Your high school student will soon be away at college and on their own. One thing they must learn if they haven’t already is how to budget. Budgeting is a key pillar of being financially healthy. It is imperative that one knows where their money goes. The last thing you want is a phone call from your child asking for more money because they mismanaged the funds already earned or given to them. Setting a budget isn’t that difficult. The difficulty lies in sticking to it. As your child leaves the nest and enters into adulthood, it will be so easy for them to try and buy whatever they want because they now have the purchasing power. Also as parents we have bought everything for them, they may have no idea how much things cost nor do they know how to compare prices. I encourage you before your child moves away for college or embark on their own, sit down with them and work out a budget.
How to Start a Budget
The best place to start when creating a budget is simple pen and paper or (I like to use) an excel spreadsheet. First, you write down all your sources of income. For an upcoming college student this could be a part-time job, federal work-study, financial aid (if you are expecting a refund). Second, you write down all your expenses. This is money spent on a service or product such as rent, car payment, car insurance, cell phone, groceries, toiletries, entertainment, and so on. Your college student may or may not have that many expenses starting out, but it is still important to have a budget so they don’t spend all their money on pizza and movies.
After the sources of income and all expenses are on paper you will have to do a little math. Subtract your expenses from your income. What you want here is a positive number. That means there is money left over after all expenses are paid. If you have a negative number that means you do not have enough income to pay for all your expenses. What you will need to do is evaluate your expenses to see what can be cut or reduced.
Cutting cost may mean that you can’t buy a coffee from your favorite coffee shop every day, maybe you can only go to the movies once a month, or you can’t buy so many clothes and shoes. This is the concept of wants vs. needs. What you need is deodorant, not a mocha frappuccino. This would be a great time to categorize your expenses into wants vs. needs. Make a list of the things you absolutely have to have in order to live and function in life, this list will be your needs. Everything else will be on the list of wants. Let your child know that it is okay to go and do fun things but it is important that they make allowance for it in their budget. Otherwise they will run out of money. When you run out of money, expenses go unpaid, you begin living paycheck to paycheck, and your money begins to control you. This is something you want your child to prevent from happening to them.
Also not categorized under neither income nor expenses, is saving. You want to try and save back some money. Get into the habit of saving a certain percentage of each paycheck. Having savings will help when you have an unexpected expense, or you want to purchase a big ticket item. Setting aside money for giving is always a good idea too.
Once you have everything on paper and prioritized, you can create an active budget by using an app on your phone. Using a budgeting app can help you actively meet your budget goals and know where you are spending your money at all times.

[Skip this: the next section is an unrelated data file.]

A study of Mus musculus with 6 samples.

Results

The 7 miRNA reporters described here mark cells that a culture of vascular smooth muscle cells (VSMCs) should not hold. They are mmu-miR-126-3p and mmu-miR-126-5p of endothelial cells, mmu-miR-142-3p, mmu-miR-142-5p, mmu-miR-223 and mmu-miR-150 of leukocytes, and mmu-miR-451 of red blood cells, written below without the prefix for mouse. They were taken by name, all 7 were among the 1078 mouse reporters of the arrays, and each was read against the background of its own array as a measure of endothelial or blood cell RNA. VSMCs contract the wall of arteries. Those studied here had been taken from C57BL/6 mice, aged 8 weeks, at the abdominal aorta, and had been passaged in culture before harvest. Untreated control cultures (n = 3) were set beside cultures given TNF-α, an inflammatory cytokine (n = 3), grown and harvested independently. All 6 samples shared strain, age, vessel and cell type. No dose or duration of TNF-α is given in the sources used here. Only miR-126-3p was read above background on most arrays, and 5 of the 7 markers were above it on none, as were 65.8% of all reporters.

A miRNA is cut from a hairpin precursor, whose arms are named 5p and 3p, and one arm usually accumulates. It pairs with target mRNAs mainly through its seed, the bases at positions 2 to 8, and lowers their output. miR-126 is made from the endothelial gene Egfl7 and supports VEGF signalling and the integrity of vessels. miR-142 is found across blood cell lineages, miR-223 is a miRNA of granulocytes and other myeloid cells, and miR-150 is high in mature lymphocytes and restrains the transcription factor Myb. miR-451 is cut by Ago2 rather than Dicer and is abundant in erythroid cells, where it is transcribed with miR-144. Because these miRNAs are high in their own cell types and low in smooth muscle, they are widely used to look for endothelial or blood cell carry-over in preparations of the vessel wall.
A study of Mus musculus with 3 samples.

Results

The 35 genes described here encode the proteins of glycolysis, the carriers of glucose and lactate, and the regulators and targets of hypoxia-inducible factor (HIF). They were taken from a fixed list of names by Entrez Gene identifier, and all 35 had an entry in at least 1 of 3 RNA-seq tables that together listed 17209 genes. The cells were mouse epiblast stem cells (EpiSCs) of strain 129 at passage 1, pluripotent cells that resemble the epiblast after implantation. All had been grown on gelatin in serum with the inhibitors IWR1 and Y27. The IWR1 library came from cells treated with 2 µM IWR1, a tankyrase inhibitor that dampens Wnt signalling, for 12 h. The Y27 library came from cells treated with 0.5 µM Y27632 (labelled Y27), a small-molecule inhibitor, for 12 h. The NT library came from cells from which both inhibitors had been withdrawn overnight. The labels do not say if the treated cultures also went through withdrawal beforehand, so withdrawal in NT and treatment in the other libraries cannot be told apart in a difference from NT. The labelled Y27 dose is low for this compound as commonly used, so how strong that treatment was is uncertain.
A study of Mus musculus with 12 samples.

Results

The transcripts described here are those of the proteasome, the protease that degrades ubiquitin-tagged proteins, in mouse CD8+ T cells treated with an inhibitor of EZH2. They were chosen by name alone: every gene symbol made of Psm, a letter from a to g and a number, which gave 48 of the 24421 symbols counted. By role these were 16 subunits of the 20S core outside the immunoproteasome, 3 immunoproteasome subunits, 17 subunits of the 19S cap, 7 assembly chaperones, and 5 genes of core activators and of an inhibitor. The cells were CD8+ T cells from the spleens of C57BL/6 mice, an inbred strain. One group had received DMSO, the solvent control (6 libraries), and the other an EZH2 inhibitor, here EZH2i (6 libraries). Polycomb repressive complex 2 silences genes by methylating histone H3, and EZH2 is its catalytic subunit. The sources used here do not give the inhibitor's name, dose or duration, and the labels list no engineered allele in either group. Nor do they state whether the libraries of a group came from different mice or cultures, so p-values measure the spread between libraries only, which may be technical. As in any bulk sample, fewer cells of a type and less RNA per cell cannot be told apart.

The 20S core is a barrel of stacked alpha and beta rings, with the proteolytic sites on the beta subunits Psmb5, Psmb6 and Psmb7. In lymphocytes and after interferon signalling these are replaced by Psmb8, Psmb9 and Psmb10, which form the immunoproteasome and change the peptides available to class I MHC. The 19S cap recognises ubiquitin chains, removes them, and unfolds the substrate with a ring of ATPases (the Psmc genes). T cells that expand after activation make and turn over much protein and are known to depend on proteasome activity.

Epic Budgeting Apps to Try Right Now
There are several budgeting apps and tools out there to help you manage your money. A budgeting app is essentially today’s version of balancing a checkbook. These apps track the what, when, and where of your purchases. Check out “The 8 Best Budgeting Apps to Download in 2018” from the balance.
Our family uses Mint created by intuit. I like this app because you can sync all your accounts and it updates your transactions in real-time. This app will automatically categorize your transactions. You also can add personal categories and set rules for certain transaction to be categorized a certain way. You can integrate your bills from various companies or add your bills manually to show what upcoming bills are due and what bills you have paid.
Another great feature is how the app tracks your budget. Once you create a budget in the app, it will track and alert you as to how close you are to your budget limit in whatever categories you have set. An example could be, you have set $60 a month for gas & fuel, so far this month you have spent $28 in gas & fuel. Mint will track your transactions, categorize these transactions as gas & fuel, and then inform you that you have $32 left in your gas & fuel budget for the month. You can also receive alerts and notifications of when you are coming close to your budget limits.
The Mint app will show you spending trends. It will show you how much you spent each month along with the transactions for each month. Knowing trends can help you reign in your spending in a certain area. An example would be a variable expense like food and dining. Because groceries isn’t a set bill like your cell phone, with the trend feature you can see how much money you have spent on groceries at any given time over a period of time. This can help with setting a grocery budget by looking over a certain period of time and finding the average monthly amount spent on food and dining.
As you can see our family is a big fan of the budget app Mint. However, what app you choose to use is whatever you are comfortable with and can get the most use out of it.
Do you use a budgeting app? Why do you like your budgeting app?